Unjust enrichment: How Section 80 and the unjust enrichment defence works in practice: Example 3
Subject to time limits, a business will receive credit for the overdeclared output tax. However, if there are other errors, including tax wrongly deducted as input tax, these will be netted off to arrive at the amount of tax adjustment to be made. For example
|Output tax overdeclared||£10,000|
|Input tax credit wrongly claimed||+£2,000|
In the above example, where unjust enrichment does apply and the business chooses to enter into the reimbursement arrangements, the business will be credited with the full amount to be reimbursed, and may only receive payment from HMRC of a sum up to the net amount of their claim (£8,000).
If the £2,000 input tax was attributable to the supplies on which the output tax was overdeclared, it will be set off under the terms of section 81(3A) of the VAT Act 1994. If it is not related to the supplies in respect of which the claim was made, you will need to make an assessment under section 73(2) of the VAT Act 1994 to recover it.
This amount is credited / repaid on condition that it is reimbursed to their customers in full.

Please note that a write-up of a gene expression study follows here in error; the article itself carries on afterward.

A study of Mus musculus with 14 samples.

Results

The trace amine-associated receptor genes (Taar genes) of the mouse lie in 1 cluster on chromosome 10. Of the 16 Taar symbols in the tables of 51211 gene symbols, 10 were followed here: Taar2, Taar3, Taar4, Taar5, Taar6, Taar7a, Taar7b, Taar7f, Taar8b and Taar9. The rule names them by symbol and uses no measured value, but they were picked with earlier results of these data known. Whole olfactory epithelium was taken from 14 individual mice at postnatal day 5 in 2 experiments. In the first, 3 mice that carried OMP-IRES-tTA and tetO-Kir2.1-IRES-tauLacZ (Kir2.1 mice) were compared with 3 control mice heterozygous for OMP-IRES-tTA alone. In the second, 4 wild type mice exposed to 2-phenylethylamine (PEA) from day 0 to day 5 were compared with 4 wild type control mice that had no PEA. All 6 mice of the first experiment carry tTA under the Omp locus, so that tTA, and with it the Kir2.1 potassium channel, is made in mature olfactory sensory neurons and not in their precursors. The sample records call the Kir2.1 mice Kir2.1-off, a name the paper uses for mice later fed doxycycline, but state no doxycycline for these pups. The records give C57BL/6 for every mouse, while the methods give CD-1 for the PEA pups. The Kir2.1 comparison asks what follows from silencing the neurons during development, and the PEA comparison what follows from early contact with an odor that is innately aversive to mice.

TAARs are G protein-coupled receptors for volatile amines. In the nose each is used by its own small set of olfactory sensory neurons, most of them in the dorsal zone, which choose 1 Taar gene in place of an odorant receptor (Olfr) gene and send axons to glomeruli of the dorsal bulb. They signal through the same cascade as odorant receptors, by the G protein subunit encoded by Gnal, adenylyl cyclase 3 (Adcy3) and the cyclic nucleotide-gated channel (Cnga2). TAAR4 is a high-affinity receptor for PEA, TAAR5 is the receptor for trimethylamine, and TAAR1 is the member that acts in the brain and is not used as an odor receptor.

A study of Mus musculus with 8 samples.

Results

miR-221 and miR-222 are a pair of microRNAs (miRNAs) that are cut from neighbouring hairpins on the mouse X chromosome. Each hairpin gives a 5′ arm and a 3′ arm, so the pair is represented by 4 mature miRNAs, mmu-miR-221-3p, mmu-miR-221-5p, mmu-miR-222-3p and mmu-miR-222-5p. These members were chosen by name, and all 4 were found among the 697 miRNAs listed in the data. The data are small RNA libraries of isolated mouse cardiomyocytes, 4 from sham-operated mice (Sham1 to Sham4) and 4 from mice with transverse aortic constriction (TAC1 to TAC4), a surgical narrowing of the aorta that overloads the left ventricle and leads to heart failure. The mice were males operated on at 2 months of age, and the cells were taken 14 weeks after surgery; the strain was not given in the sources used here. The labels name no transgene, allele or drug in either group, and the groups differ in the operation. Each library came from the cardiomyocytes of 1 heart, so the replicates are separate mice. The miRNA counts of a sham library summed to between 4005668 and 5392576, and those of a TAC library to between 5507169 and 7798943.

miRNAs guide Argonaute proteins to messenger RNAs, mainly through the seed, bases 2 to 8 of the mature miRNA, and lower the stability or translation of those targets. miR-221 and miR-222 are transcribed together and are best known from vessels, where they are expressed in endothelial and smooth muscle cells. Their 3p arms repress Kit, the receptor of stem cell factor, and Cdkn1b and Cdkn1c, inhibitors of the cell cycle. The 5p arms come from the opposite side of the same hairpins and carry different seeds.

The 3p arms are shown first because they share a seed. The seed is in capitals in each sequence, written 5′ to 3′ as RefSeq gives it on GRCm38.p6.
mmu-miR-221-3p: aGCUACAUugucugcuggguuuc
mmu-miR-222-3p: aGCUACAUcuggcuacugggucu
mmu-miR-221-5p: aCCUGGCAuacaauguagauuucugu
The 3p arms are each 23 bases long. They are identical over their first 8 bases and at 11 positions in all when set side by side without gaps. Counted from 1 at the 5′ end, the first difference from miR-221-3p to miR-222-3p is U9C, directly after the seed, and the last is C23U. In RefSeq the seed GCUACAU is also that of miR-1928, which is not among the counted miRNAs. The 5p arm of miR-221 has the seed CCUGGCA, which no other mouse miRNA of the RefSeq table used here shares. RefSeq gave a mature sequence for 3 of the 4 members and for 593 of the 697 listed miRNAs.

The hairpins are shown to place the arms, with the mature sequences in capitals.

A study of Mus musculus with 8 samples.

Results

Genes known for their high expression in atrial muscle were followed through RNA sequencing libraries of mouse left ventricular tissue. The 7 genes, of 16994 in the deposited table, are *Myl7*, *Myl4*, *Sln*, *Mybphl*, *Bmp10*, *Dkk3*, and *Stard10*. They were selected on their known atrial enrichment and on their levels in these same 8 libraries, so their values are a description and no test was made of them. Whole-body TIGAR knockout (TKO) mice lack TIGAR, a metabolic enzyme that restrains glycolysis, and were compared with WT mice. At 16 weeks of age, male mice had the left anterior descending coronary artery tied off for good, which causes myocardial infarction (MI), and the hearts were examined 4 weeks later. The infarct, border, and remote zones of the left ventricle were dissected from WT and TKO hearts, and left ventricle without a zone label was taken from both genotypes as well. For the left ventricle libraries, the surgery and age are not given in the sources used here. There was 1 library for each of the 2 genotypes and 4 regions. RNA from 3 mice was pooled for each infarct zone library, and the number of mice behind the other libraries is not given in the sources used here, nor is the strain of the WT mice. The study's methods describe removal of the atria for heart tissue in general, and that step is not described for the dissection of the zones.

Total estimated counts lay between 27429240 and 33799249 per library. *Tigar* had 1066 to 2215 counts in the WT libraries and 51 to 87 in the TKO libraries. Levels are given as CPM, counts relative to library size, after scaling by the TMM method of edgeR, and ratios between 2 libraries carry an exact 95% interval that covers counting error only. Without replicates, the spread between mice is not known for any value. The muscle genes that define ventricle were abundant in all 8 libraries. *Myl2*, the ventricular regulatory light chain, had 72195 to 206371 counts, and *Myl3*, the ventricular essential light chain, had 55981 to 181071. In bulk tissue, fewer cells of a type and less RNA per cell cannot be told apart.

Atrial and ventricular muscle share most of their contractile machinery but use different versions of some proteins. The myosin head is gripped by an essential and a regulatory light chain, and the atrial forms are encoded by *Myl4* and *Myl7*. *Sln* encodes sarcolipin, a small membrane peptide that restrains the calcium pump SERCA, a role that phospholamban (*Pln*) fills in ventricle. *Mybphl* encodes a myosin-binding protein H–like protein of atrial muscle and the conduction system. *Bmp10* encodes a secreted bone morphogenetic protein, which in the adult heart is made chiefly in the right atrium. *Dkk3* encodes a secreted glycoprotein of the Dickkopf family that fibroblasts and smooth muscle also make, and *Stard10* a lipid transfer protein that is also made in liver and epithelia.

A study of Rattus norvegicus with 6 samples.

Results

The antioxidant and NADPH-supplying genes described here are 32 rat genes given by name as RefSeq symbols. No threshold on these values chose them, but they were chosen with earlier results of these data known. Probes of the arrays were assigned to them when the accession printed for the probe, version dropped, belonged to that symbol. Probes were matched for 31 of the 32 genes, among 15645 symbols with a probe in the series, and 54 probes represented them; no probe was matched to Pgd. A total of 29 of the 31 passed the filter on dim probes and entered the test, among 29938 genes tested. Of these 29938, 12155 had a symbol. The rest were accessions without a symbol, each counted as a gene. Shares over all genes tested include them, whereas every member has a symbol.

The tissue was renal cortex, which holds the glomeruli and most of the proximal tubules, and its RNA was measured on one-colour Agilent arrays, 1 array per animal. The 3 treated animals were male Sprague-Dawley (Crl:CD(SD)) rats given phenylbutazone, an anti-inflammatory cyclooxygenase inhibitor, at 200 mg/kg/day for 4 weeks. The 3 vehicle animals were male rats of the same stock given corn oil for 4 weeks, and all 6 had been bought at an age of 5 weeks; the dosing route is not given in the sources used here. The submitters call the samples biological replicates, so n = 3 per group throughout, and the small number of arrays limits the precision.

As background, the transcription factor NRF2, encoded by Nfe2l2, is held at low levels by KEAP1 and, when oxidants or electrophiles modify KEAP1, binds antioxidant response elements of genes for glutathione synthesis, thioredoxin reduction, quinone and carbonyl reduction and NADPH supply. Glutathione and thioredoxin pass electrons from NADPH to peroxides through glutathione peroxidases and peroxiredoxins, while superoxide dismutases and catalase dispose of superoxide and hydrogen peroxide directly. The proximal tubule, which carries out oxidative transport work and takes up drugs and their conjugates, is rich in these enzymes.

Therefore in some instances the business will be required to reimburse to their customers an amount greater than that which they receive as payment from HMRC. This is because they will have been given full credit to begin with, but because of other errors they will only receive the net amount remaining, if any.
Remember, the extent to which a claimant will be unjustly enriched may be any amount up to the gross amount of output tax that they have wrongly charged and accounted for.
In those circumstances, a business cannot argue that because he has not received a refund from us in the way of a cheque through the post, that he has not been credited with the over charged and overdeclared VAT he has promised to return to his customers.